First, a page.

Thursday, March 11, 2010

Expanding US Exports, One Frequent Flyer Mile at a Time

President Obama broke out his teleprompters today and delivered remarks before the Export-Import Bank on the administration's big National Export Initiative.

It was utterly uneventful.

The text of Obama's remarks is available here, and it's the same old NEI story:
  • Trying to double exports in five short years through the impotent triumvirate of export promotion, Ex-Im Bank funding and increased enforcement actions (hooray more bureaucrats!);
  • Trying to sell free trade through self-defeating mercantilism;
  • Re-starting the private-sector "President's Export Council" and creating the public-sector "Export Promotion Cabinet" (hooray new decisionmaking layers!);
  • Not promising to submit implementing legislation in 2010 on pending US FTAs with Colombia, South Korea and Panama;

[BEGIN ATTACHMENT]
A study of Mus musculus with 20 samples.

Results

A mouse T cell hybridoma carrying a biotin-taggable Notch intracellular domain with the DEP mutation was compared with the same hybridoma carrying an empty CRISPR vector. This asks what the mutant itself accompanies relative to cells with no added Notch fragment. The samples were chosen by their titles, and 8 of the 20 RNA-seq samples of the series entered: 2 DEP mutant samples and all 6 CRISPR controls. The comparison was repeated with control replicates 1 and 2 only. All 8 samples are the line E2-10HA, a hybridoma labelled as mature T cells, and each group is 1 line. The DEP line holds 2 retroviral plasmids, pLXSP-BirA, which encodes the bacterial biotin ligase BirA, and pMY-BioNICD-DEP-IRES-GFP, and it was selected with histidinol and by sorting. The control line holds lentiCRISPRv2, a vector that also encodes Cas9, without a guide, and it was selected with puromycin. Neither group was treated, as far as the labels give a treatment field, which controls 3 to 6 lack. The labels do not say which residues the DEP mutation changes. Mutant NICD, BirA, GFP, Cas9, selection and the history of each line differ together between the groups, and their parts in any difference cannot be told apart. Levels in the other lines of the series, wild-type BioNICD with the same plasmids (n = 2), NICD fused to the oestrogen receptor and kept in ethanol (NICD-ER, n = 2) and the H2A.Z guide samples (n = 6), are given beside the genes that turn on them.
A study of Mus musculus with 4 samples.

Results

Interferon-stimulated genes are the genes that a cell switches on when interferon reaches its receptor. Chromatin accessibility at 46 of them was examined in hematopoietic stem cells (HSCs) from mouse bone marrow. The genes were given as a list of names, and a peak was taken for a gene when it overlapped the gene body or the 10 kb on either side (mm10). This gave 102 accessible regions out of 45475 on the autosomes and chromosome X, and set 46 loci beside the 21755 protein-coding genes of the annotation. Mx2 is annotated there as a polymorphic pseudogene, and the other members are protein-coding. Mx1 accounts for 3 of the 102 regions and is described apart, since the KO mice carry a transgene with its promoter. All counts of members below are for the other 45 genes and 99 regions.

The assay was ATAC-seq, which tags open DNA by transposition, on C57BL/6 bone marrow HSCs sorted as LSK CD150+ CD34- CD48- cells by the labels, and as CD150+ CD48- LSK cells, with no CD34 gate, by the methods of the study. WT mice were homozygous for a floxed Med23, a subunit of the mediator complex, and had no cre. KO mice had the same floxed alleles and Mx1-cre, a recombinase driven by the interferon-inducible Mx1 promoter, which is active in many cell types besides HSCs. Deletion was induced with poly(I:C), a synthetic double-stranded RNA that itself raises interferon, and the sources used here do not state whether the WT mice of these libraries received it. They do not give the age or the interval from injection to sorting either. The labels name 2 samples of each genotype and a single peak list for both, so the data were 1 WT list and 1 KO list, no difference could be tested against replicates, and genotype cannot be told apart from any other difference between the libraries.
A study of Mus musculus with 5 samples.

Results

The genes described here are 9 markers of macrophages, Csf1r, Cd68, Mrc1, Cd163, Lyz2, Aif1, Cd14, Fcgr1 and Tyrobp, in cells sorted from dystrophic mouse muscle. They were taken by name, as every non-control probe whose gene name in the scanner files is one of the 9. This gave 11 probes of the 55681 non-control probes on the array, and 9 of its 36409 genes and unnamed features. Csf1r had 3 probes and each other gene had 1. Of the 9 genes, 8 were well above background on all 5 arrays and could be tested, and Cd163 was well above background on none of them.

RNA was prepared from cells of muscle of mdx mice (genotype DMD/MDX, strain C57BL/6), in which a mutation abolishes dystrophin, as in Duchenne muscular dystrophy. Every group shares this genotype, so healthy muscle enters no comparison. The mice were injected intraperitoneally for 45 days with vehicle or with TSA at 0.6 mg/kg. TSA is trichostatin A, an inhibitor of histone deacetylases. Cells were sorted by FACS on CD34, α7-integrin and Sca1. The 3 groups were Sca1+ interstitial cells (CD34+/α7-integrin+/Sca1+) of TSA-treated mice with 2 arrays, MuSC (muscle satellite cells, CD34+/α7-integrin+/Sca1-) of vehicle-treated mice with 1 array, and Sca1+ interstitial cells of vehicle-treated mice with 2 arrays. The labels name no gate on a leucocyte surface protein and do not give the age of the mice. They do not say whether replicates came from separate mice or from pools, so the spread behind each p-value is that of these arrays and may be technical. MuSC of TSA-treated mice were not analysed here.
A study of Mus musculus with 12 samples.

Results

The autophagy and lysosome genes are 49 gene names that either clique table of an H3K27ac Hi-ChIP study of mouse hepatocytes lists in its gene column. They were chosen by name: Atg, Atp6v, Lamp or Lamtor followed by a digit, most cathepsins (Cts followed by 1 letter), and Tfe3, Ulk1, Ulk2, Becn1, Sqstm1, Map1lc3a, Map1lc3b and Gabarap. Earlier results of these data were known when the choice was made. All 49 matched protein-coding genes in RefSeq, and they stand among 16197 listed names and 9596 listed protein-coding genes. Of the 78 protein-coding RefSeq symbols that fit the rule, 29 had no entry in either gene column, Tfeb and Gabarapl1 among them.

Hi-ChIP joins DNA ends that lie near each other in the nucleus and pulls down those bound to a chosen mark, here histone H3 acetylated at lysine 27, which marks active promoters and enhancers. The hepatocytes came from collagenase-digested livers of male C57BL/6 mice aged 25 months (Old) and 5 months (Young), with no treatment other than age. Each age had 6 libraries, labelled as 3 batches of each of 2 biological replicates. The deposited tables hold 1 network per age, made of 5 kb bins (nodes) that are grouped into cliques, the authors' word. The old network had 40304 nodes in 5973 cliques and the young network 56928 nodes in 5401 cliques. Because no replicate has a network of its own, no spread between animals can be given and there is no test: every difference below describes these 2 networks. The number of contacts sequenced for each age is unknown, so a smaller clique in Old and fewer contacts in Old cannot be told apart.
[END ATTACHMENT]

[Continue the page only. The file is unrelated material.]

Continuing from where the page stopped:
• Not promising to advance the WTO's Doha Round by submitting an aggressive US agenda or, at a bare minimum, affirming the United States' 2008 negotiating offers (despite myriad pleas from our trading partners); and
    • Not introducing any proven measures - like a cut in America's absurdly high corporate tax rate or the elimination of domestic tariffs on industrial machinery and inputs (see, e.g., the UK or Canada) - to enhance US companies' global competitiveness.
    But hey, today's speech wasn't a total waste of time for those in attendance, as the President did announce one new thing:
    We’re also announcing more than 40 trade and reverse trade missions that are scheduled for this year.  The Department of Commerce, for example, has sent a trade mission to India this week; Secretary Vilsack is off to Japan on April 15th.  So advocacy is going to be critical.
    Vilsack!  Locke!  Trade missions!  We're saved*!!

    *Ed. note: "saved" may or may not actually mean "screwed."